Not an April Fools’ Joke…

Stephen Moore has a depressing piece in today’s WSJ. Money quote:

Today in America there are nearly twice as many people working for the government (22.5 million) than in all of manufacturing (11.5 million). This is an almost exact reversal of the situation in 1960, when there were 15 million workers in manufacturing and 8.7 million collecting a paycheck from the government.

It gets worse. More Americans work for the government than work in construction, farming, fishing, forestry, manufacturing, mining and utilities combined. We have moved decisively from a nation of makers to a nation of takers. Nearly half of the $2.2 trillion cost of state and local governments is the $1 trillion-a-year tab for pay and benefits of state and local employees. Is it any wonder that so many states and cities cannot pay their bills?

One only wishes that Moore would have concluded his piece with two words: “April Fools.” Alas, he did not.

7 thoughts on “Not an April Fools’ Joke…

  1. I have a question I would like to pose: is this a reflection of a failure of American Capitalism? I don’t mean that in a way meant to be partisan or elicit being branded a socialist, but I do ask if this is mainly because people tend to clamor loudly to their reps when they can’t find employment, so they would do the only thing they knew how, which is create government jobs.

    Another thing that I think the data miss is almost all of the additional growth is in defense and homeland security. Plus, you can pull data from almost any statistical database and it will show, going all the way back to 1930, average GDP and job growth stalling out and decreasing in every subsequent decade. In addition, for the first time there is no correlation between corporate profits and job growth. The present disconnect is huge and the largest on record.

    Could government have beefed up hiring to compensate for that? In addition, I live in Wichita which is a town very dependent on aircraft manufacturing and the defense budget.

    Long story short, I think the data you proposed is worrisome, but I believe government growth is a symptom of much deeper and complicated issues in America, not easily explained by the simplistic explanations being floated around.

  2. Mr. Moore’s piece badly misuses statistics.
    Assuming his actual numbers are correct, then all government employees as a percentage of the WORKFORCE (not population) have gone from 12.5% in 1960 to about 14.2% today. A small increase, but hardly a sea change. And one which I’d argue has little to do with the decrease in manufacturing jobs, most of which is due to outsourcing and automation.
    I won’t quarrel with Moore’s criticism of the enormous increase in per-pupil education spending, but his comparison with the manufacturing sector seems faintly absurd. Few would argue that education is subject to the same potential for productivity increases as manufacturing, farming, or mining.
    We need the debate about the proper role and size of government, how to improve education, and grow manufacturing. But Moore’s flagship statistic, and his use of it, strike me as an instance of ‘big government’ scaremongering and don’t contribute to that debate at all.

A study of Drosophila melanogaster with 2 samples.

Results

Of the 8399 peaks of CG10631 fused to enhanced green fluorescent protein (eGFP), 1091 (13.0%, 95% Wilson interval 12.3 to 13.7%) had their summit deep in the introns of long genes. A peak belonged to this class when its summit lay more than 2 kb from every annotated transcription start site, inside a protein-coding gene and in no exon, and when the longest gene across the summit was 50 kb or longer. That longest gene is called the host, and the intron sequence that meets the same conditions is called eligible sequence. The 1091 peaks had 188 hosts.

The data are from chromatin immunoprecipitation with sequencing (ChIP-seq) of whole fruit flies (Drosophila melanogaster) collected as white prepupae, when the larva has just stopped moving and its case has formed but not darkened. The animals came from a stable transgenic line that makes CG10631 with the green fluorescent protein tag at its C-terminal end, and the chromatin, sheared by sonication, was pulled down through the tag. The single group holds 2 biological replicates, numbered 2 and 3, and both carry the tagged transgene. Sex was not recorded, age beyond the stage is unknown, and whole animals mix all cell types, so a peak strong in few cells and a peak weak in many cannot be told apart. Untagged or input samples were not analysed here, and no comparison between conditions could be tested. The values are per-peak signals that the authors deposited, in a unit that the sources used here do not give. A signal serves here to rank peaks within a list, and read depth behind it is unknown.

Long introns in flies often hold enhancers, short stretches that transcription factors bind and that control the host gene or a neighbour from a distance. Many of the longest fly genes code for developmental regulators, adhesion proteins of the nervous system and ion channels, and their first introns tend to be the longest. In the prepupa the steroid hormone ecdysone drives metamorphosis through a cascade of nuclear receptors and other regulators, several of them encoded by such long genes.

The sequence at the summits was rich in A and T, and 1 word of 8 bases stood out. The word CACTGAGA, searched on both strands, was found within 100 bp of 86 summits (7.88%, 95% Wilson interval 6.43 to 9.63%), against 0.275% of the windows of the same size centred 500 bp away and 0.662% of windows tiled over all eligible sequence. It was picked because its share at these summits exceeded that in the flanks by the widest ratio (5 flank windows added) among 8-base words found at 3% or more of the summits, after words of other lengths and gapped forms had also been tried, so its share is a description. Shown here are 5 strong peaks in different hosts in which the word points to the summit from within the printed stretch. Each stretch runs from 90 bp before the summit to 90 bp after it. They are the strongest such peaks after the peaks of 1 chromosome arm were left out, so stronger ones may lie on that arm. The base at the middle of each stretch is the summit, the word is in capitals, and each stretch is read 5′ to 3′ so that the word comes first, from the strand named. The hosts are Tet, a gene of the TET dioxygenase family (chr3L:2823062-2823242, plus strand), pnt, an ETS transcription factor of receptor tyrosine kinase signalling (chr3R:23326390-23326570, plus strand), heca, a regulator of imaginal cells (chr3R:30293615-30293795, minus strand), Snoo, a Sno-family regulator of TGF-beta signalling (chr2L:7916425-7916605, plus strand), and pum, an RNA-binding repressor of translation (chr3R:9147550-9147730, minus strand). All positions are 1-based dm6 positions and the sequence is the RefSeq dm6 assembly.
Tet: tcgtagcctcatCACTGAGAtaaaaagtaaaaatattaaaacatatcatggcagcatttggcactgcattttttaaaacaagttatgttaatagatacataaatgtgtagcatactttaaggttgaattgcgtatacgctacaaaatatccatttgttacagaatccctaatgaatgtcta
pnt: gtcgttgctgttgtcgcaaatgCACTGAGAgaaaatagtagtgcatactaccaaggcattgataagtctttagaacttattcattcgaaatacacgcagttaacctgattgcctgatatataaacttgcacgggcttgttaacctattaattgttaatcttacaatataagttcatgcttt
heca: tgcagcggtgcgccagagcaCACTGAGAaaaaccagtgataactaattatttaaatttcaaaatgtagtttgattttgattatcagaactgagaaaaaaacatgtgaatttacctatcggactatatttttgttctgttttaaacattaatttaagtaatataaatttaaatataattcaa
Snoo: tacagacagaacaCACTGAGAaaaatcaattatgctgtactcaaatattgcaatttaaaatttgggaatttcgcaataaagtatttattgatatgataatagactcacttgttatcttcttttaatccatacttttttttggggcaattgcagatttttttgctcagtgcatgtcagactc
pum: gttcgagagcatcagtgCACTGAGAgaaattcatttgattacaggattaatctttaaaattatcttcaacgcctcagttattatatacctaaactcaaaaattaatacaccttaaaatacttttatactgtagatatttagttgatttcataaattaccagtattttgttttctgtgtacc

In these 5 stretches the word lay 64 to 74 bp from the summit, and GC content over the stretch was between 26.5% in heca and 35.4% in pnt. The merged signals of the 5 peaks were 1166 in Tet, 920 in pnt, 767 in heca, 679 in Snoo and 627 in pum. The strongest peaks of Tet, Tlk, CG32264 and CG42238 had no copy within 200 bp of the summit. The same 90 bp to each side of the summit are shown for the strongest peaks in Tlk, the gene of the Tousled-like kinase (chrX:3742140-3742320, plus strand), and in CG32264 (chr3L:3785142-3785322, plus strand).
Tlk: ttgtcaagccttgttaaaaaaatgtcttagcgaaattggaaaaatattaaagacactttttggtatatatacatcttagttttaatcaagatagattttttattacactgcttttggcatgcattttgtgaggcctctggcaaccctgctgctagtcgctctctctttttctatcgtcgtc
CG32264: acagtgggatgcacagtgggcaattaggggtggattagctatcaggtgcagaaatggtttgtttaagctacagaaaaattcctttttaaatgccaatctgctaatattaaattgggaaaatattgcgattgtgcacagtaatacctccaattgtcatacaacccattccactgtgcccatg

(Source:, Table 1)

    1. Well said. For the life of me I don’t understand why we aren’t focusing on government efficiency instead of the government itself. It’s bureacracy that is a threat to America’s economy. The government need not be, assuming it lays the groundwork for a flourishing private sector. In the past this has been the rhetoric, but that usually in action translates into protectionism and subsidies…those of which need to go.

      Government should focus on better incentives for the private sector, such as training assistance assuming a worker goes into a sector that is growing and in with a deficit of skilled workers. Denmark does that. Why can’t we? It’s not enough to just say “we should eliminate this or that.” There are some things which are completely wasteful and ridicolous, but instead of just killing them in a violent and haphazard way, why not offer people in government or dependent on government a choice to either learn this skill and receive assistance or don’t and get nothing?

      Just a thought.

    1. Hm… I would think that income taxes would be more cyclical than property taxes. I suppose it depends on how frequently town governments revalue. In my state (NY) they essentially never do, except at the request of the homeowner. But even then, most towns just change the mill rate if the average value goes down, in order to maintain constant revenue.

      1. Municipalities can’t tax income. On a Federal level this is the case and yes they are more cyclical, but this recession is particular in that a huge portion of lost revenue is due to property and property transaction related taxes. Some states are better insulated than others, like Texas, which one of the real reasons their property market is more stable is that cash-out refinances above (I think) 70% LTV are not allowed, or have massive restrictions. It’s one of the only states, I believe, that is like this.

        A majority of counties and municipalities depend on sales and property taxes. Less homeowners buying refinancing, or building and buying less stuff because they are deleveraging equates to a revenue shock for most counties. Sure, the state can tax income but then they have to redistribute it properly…and we all know how well that works.